It seems, at least these days, that horror games are either good, or terrible, with little in-between. For every Yomawari and Pathologic, we get disasters like The Blackout Club and Dollhouse. So the question remains, where does Those Who Remain fall on that scale?
Good use of atmosphere. If anything, Those Who Remain at least knows how to put its atmosphere to work. From the foreboding background ambience to the heavy reliance on fog and what is unseen within it, the game does a decent job at establishing an overall atmosphere. In fact, I found it to be similar to John Carpenter’s The Fog, as both are able to create this atmosphere of dread and unease simply through the power of their atmosphere. Honestly though, it’s pretty much the only thing that the game really gets right and is a large part of the reason for why I wanted to finish it.
Tedious gameplay. I have played a lot of horror games these past few years — some bad, and some good. I’ve come to enjoy certain aspects of these games, while disliking others. Now if I were to take all of those bad aspects and combine them together, I’d get something like Those Who Remain, a testament to why the genre gets such a bad rap these days. It manages to tick all of the wrong boxes, including the tacked-on chase scenes that don’t serve any real purpose, the forced stealth sections with an evil big bad wandering around, and the utterly tedious gameplay loop that separates such encounters. I can’t count how many times I came across a door, found that it was locked, and then had to proceed to open every single drawer, locker, and other possible hiding spot just to find the key to open that door.
A large chunk of the game is tedious busywork like this and, combined with the random chase scenes and stealth sequences, just felt like a way to pad the game’s overall length. When such scenes don’t add any story to the game and are just thrown in their randomly for the sake of being able to call the game a “horror game”, it really brings down the experience.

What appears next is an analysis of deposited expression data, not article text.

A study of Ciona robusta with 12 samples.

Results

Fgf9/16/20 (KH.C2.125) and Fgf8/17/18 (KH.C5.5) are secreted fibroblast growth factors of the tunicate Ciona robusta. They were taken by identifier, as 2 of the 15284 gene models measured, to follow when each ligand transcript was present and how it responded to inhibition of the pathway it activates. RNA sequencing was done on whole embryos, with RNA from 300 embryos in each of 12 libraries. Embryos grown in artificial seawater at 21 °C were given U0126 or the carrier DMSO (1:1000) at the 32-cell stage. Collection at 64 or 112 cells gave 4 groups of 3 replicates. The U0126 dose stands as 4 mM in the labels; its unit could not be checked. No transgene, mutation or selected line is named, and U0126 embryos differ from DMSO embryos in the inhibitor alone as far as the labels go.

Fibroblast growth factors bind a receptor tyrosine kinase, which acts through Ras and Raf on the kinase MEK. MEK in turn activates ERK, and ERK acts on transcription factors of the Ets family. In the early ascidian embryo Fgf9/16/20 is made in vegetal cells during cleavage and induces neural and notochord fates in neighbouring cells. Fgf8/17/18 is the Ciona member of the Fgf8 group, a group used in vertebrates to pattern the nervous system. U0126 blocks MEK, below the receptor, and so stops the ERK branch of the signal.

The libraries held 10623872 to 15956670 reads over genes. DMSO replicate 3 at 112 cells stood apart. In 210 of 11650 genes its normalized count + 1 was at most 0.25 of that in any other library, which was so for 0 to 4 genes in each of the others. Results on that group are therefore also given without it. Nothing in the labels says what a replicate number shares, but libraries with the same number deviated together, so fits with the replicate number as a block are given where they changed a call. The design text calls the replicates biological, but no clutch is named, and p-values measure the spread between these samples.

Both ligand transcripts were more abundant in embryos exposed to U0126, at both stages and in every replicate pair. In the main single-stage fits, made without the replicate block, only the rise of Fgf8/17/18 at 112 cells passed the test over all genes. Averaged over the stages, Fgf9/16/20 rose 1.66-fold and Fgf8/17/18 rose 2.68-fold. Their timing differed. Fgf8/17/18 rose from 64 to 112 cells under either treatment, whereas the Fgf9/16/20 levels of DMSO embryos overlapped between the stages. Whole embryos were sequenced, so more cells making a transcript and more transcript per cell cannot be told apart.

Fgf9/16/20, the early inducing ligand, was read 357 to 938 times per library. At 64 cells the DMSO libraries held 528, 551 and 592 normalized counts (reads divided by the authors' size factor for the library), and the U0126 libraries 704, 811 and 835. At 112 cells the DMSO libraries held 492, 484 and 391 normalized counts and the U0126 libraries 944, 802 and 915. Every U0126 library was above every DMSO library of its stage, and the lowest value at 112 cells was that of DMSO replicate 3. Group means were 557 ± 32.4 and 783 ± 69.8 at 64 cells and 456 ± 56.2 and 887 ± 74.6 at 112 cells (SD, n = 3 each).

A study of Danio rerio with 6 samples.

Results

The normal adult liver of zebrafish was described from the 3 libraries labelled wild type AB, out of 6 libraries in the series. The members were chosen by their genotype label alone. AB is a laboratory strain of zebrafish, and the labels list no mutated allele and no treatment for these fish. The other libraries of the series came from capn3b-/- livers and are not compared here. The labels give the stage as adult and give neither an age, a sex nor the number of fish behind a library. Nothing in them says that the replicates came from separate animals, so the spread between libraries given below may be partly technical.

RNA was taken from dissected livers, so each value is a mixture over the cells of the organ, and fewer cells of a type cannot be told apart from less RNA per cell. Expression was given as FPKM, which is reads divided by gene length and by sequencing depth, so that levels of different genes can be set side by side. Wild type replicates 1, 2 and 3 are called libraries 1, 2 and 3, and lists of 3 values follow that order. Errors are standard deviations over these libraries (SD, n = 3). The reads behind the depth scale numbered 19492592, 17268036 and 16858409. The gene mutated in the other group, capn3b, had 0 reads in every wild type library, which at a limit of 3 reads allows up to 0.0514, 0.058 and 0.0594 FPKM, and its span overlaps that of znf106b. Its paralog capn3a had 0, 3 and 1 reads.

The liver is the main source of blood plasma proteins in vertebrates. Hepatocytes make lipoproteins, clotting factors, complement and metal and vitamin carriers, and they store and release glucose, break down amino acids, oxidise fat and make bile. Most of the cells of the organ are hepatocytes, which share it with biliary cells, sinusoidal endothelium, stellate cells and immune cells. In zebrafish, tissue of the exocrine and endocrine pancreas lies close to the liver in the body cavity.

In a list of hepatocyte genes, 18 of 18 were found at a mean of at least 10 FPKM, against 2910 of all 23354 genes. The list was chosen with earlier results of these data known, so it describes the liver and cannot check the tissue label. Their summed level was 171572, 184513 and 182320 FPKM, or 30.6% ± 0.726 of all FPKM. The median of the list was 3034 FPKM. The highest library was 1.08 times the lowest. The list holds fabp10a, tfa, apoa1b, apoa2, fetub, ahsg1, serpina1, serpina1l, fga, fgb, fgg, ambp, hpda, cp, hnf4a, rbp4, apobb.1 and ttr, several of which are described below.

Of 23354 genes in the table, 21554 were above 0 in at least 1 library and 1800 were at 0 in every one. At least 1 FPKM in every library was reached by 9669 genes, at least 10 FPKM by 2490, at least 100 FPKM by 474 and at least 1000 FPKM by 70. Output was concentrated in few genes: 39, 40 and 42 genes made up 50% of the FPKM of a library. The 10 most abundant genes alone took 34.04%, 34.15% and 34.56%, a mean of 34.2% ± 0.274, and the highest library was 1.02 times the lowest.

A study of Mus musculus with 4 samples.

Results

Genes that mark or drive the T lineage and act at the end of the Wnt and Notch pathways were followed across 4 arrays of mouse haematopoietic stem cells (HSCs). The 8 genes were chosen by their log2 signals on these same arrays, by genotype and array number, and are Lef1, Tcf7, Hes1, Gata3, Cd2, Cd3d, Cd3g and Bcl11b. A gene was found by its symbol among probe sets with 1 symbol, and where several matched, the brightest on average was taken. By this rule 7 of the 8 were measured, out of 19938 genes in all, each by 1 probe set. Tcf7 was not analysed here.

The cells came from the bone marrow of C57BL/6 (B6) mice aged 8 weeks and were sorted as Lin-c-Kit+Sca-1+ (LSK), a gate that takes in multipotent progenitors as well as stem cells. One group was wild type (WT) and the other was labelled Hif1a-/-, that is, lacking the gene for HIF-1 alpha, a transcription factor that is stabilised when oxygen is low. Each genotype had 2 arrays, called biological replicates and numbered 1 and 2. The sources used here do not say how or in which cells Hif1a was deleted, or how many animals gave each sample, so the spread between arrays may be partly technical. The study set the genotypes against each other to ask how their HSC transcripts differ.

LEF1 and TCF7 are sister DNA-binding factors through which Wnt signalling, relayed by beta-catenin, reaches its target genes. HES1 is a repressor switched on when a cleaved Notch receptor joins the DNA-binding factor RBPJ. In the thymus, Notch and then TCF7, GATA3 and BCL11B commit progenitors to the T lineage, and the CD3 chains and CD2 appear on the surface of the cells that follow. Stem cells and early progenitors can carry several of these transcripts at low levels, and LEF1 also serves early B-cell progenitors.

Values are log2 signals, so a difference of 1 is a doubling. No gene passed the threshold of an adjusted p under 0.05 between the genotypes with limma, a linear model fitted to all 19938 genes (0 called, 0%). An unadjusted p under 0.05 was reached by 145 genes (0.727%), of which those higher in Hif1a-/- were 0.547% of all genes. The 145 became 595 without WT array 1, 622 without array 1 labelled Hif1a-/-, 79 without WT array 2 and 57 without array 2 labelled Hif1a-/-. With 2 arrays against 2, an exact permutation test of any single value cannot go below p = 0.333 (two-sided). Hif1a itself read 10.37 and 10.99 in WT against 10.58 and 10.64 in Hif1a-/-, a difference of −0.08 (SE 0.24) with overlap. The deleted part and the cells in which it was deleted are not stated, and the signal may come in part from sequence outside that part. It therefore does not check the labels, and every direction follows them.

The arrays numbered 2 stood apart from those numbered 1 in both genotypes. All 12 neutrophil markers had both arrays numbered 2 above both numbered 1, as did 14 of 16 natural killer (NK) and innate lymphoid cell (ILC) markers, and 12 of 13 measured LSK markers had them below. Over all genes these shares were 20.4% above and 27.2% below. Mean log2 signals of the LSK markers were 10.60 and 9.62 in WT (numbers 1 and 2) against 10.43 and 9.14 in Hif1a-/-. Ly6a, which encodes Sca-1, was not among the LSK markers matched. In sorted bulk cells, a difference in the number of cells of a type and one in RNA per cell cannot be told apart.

Abysmal puzzle design. Throughout that tedious gameplay I just mentioned, you’ll also run into a number of “puzzles”, although describing them as “puzzles” may be pushing it a bit. These range from simple “transfer information from this area to another” puzzles to slightly more complex, yet still simplistic matching puzzles and the like.
And then you have puzzles that don’t even fit the theme of the game. One puzzle, for example, has you matching a number on the wall with the number of sides on a shape engraved into the ground. That’s a puzzle alright (albeit a simple one), but I fail to see how that even fits into the game and it really just feels like another attempt to extend the game’s playtime. What makes it worse is that the depth offered in that example is pretty much the same seen in most of the game’s other puzzles. They’re shallow, they’re tedious, and they don’t fit the theme of the game.
Generic storyline. So here’s the thing with the game’s story. It isn’t necessarily “bad”, but it really doesn’t do anything to set itself apart from the crowd. It’s as generic as you can get from a horror game, including all of the tropes and clichés that make up the genre. In fact, it really isn’t that difficult to figure out where the game is going just from the first hour or so. The game tries to inject some deeper meaning into the story, but it’s simply lost in its own mediocrity, with generic plot developments and a finale that honestly just wasn’t worth the buildup. There were some good moments scattered here and there, but the overall package just isn’t cutting it, especially for a narrative-driven game.
Inconsistent graphics. While the game may know how to make use of its atmosphere, the graphics that go along with it unfortunately are unable to keep up. They range from looking “decent” to outright bad depending on the area. There were even some parts to the game that looked like they were ripped straight out of a free asset pack, with low-res textures and clunky models to boot. Then you get to the animation, which never quite reach that “looking decent” stage. To be blunt, they’re terrible. I understand that this is not a AAA game, but it’s hard to look past how poorly animated a lot of the game’s models are.
To put it simply, Those Who Remain is not a good horror game, not even an average horror game. It exemplifies everything that is wrong with the genre, including the tedious gameplay, tacked-on chase scenes, forced stealth sequences, and the shoddy puzzle design. And for a story-driven game, the writing here isn’t really that good. It’s got its moments, but the overall experience is one of mediocrity. It at least does something right with regards to its atmosphere, but that unfortunately does not save the game.
You can buy Those Who Remain on Steam here.
I was provided a review copy of the game in order to write this review. Read more about how I do my game reviews here.